Detection of Antibodies (Serology)
Testing to see who has had COVID-19 could help governments and individuals, however looking for the presence of antibodies in the blood is difficult and these antibody tests need a high degree of accuracy. Part of the response of the immune system is the production of antibodies including IgM and IgG. The IgM antibodies are the first to be generated by the body after the infection. Then the IgG antibodies are produced later and replace the IgM and it is these antibodies that stay in the blood for many years.
The majority of the current antibody tests target the spike protein which is the sole protein on the viral surface responsible for entry into the host cell, and so the main part of the virus that gets an antibody response. However, the amino acid structure of the spike protein has a very large overlap with the four seasonal coronaviruses that circulate in humans. Targeting the wrong site on this protein means an antibody test is unable to distinguish between people who have had COVID-19 and those who have had the common cold.
The tests have to be:
The test needs to correctly identify the person as not having had the virus i.e can tell that they do not have the antibodies. This is important if the test gave a false positive somebody might think that they have had the virus when they have not.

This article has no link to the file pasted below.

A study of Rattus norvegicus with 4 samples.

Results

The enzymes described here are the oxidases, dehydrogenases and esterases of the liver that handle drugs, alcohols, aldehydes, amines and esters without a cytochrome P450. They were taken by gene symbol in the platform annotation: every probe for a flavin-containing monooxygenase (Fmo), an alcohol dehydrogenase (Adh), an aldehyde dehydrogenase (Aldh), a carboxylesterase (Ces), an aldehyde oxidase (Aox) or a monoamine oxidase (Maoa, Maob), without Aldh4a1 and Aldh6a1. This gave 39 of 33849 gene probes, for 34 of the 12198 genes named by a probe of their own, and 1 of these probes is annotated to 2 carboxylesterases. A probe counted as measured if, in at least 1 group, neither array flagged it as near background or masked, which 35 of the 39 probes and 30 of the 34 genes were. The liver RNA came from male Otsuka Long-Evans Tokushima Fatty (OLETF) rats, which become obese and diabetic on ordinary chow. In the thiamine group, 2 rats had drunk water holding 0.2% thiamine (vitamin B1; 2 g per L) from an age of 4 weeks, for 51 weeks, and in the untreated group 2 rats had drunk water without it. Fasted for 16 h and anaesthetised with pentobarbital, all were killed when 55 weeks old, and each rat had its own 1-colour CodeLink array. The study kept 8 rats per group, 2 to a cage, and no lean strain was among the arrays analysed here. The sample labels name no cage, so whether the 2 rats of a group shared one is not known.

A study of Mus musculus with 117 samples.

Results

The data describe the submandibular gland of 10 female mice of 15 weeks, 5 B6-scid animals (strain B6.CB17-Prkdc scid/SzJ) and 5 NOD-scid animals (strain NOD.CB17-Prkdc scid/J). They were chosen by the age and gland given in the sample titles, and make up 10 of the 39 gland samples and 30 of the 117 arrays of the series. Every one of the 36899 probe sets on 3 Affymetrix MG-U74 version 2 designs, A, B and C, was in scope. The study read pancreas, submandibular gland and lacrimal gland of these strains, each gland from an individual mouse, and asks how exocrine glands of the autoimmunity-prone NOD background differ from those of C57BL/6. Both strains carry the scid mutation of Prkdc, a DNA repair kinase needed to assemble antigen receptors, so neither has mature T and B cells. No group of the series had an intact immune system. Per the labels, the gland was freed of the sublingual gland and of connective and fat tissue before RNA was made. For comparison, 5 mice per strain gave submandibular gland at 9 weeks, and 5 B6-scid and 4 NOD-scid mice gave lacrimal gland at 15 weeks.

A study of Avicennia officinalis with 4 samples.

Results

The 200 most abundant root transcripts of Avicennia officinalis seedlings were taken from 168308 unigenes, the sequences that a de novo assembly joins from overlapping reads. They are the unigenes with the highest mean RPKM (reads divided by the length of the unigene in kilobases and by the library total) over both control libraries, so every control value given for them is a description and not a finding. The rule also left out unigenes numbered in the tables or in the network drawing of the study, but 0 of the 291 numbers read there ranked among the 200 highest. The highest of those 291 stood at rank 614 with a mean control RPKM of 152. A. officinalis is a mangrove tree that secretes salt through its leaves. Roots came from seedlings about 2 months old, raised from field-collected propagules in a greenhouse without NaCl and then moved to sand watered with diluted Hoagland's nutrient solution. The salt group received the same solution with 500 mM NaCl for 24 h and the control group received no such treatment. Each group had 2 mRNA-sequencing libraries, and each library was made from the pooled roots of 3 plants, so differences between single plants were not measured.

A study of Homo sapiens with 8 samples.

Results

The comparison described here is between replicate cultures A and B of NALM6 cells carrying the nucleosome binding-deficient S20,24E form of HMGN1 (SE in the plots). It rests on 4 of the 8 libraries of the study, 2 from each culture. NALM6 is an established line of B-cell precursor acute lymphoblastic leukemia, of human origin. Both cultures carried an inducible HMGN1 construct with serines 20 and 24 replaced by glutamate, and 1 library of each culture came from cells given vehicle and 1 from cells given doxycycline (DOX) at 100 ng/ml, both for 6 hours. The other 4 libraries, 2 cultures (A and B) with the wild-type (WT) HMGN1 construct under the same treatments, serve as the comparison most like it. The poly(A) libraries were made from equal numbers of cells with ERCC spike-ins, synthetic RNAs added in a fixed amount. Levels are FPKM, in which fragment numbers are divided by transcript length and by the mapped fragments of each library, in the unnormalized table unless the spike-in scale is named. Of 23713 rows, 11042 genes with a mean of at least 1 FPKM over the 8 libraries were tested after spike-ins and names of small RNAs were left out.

This means that the test picks up all those who do have antibodies. The higher the sensitivity the better the test . A false negative means that it says somebody doesn't have antibodies when they do
There are two types of test:
1. ELISA (enzyme-linked immunosorbent assay)
The blood samples are sent to a laboratory to be tested and could take a few hours. However as many people have been exposed to the common cold corona viruses and will therefore have antibodies for this, the test needs to be able to distinguish between them.
Recently two companies Roche and Quotient said that they have US and EU approval for an antibody test with 100% sensitivity and 99.8% specificity – however both these tests require a blood sample taken under medical supervision that must be analysed in a lab. Another company Abbott has also had approval for a similar test where a testing kit is sent home, blood taken by pricking a finger and the resulting blood sample sent to a lab for testing.
2. LIFA (Lateral Flow Assay) home test
This test can be done at home by pricking a finger and putting the blood on a strip of paper similar to a pregnancy test where a line appears on the test within minutes showing whether you have antibodies or not. It would be suitable for mass distribution and would be relatively inexpensive but the results are currently not accurate enough to get government approval in the UK.